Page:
For those who have long complained about the seemingly apathetic Taiwanese youth on matters of politics, the past two weeks must have had elements of both surprise and relief, with two large student mobilizations taking place in two cities on two different continents: London and Taipei.
The catalyst in both instances was injustice — the removal, following official complaints by China, of the Republic of China (ROC) national flag at a non-Olympic venue in London, and the creation of a pro-China media monster through the acquisition by the Want Want China Times Group of China Network Systems’ (CNS) cable TV services, and the subsequent threat of lawsuits by a Want Want employee against a student.
Hundreds gathered on Regent Street in London, proudly showing the ROC flag, while about 700 protested in front of the CtiTV building in Taipei, calling for freedom of speech to be respected. In stark contrast to the protests organized by the pan-green camp, where the majority of participants are usually above the age of 50, those two events involved students and young professionals who were educated, connected and angry. They were, in essence, the same type of people who took to the streets earlier this year when two houses were flattened in a suburb of Taipei to make way for an urban renewal project; or those who turned up in large numbers to confront police and contractors when farmland was seized to accommodate large-scale industrial projects.
Issues of justice, rather than abstracts of ethnicity or nationality, are what lights the fire in the belly of Taiwanese youth today. For them, the past is in the past and the issue of who they are has already been settled; what they look to is the future and the uncertainties created by injustice. That is why one can hardly find anyone below the age of 30 at protests against, say, the so-called “1992 consensus,” but thousands will roll up their sleeves when someone’s property is threatened by state rapacity.
All of this occurs at a time when policymaking within the Ma Ying-jeou (馬英九) administration appears to have been taken over by an old, conservative wing of the Chinese Nationalist Party (KMT), while moderates in the pan-blue camp have grown largely silent.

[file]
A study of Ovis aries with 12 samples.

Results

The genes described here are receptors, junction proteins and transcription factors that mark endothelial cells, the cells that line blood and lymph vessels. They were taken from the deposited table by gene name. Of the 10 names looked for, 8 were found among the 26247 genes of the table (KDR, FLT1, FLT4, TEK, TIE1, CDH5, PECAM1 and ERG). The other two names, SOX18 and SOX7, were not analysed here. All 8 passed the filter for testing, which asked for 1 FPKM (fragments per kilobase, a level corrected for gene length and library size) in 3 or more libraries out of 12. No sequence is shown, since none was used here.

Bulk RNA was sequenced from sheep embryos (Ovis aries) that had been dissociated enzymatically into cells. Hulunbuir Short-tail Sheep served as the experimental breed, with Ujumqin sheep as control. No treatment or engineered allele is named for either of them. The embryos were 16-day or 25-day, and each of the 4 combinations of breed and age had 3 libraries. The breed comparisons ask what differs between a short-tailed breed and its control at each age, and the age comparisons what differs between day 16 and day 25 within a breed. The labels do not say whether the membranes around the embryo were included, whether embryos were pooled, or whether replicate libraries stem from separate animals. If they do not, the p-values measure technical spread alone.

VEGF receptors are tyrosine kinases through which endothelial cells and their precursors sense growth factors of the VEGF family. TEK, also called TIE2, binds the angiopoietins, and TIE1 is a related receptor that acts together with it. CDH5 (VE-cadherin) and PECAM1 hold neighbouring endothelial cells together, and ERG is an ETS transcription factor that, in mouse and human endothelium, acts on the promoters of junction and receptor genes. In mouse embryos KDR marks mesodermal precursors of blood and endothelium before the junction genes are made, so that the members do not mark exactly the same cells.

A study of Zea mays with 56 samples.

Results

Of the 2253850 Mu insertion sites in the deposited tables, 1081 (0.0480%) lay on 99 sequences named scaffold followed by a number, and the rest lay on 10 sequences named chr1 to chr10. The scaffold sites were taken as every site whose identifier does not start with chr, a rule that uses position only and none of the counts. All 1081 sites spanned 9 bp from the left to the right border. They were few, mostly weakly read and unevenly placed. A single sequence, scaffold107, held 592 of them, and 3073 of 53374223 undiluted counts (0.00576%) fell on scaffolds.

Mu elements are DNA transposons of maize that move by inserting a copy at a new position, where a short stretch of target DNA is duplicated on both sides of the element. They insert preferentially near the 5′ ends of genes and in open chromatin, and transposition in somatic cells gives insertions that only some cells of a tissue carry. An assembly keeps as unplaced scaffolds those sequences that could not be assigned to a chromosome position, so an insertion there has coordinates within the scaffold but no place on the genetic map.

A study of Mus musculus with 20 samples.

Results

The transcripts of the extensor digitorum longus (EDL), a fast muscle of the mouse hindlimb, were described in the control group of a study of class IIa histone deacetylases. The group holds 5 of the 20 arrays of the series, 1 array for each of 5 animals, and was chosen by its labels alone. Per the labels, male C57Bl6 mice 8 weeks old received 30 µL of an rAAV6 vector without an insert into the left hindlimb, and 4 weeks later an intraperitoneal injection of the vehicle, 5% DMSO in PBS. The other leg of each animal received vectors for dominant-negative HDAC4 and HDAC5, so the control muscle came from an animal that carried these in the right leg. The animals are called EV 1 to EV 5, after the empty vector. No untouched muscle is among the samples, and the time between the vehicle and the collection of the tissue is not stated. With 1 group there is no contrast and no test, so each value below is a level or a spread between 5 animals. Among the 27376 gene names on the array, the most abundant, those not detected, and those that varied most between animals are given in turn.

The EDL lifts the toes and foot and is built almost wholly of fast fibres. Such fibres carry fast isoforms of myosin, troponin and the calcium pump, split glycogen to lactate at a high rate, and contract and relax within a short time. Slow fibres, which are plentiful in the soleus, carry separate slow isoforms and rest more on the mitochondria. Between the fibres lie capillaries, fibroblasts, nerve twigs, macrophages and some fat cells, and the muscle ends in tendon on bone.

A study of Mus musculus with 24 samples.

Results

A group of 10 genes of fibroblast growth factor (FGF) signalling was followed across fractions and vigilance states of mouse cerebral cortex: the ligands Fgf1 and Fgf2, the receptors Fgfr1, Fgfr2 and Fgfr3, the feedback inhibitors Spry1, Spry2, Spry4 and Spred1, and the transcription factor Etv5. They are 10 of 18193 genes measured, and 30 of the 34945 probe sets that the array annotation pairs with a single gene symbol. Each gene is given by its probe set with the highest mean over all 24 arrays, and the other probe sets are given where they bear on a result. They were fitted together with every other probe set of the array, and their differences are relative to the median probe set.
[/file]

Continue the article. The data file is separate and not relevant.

Under Ma, the rich and powerful are becoming richer and more powerful, and more often than not, that wealth derives directly from backroom deals with China. Want Want China Times chairman Tsai Eng-meng (蔡衍明), Taiwan’s richest man and a Tiananmen Massacre denier (there are audio tapes to prove it), has amassed great wealth through his dealings with the Chinese Communist Party (CCP). He has used his media to target — no, slander — opponents of the CNS takeover, ordinary people who apprehend the excesses of unchecked power and who are concerned about the future of freedom of speech in their country.
Furthermore, those behind-closed-doors deals are struck by former KMT secretaries-general and other elderly figures like Wu Poh-hsiung (吳伯雄) who not only are unaccountable to the public, but also seem to agree with their CCP counterparts that the public has no say in the direction their country should take.
While a few continue to enrich themselves, salaries remain stagnant, jobs are not created and the economy is contracting. On the political side, the Ma government failed to stand up to Chinese suppression of Taiwan in London and once again this week transparently used its influence on the judiciary, this time in Chiayi County, to distract the public from an embarrassing corruption scandal involving a former Executive Yuan secretary-general.
Taiwan’s youth are increasingly paying attention to what is going on around them and they do not like what they see. The point where they say enough is enough, when they realize that cynical old figures are compromising their future, could be at hand. What happens next remains to be seen, but the elderly ones could be in for a surprise.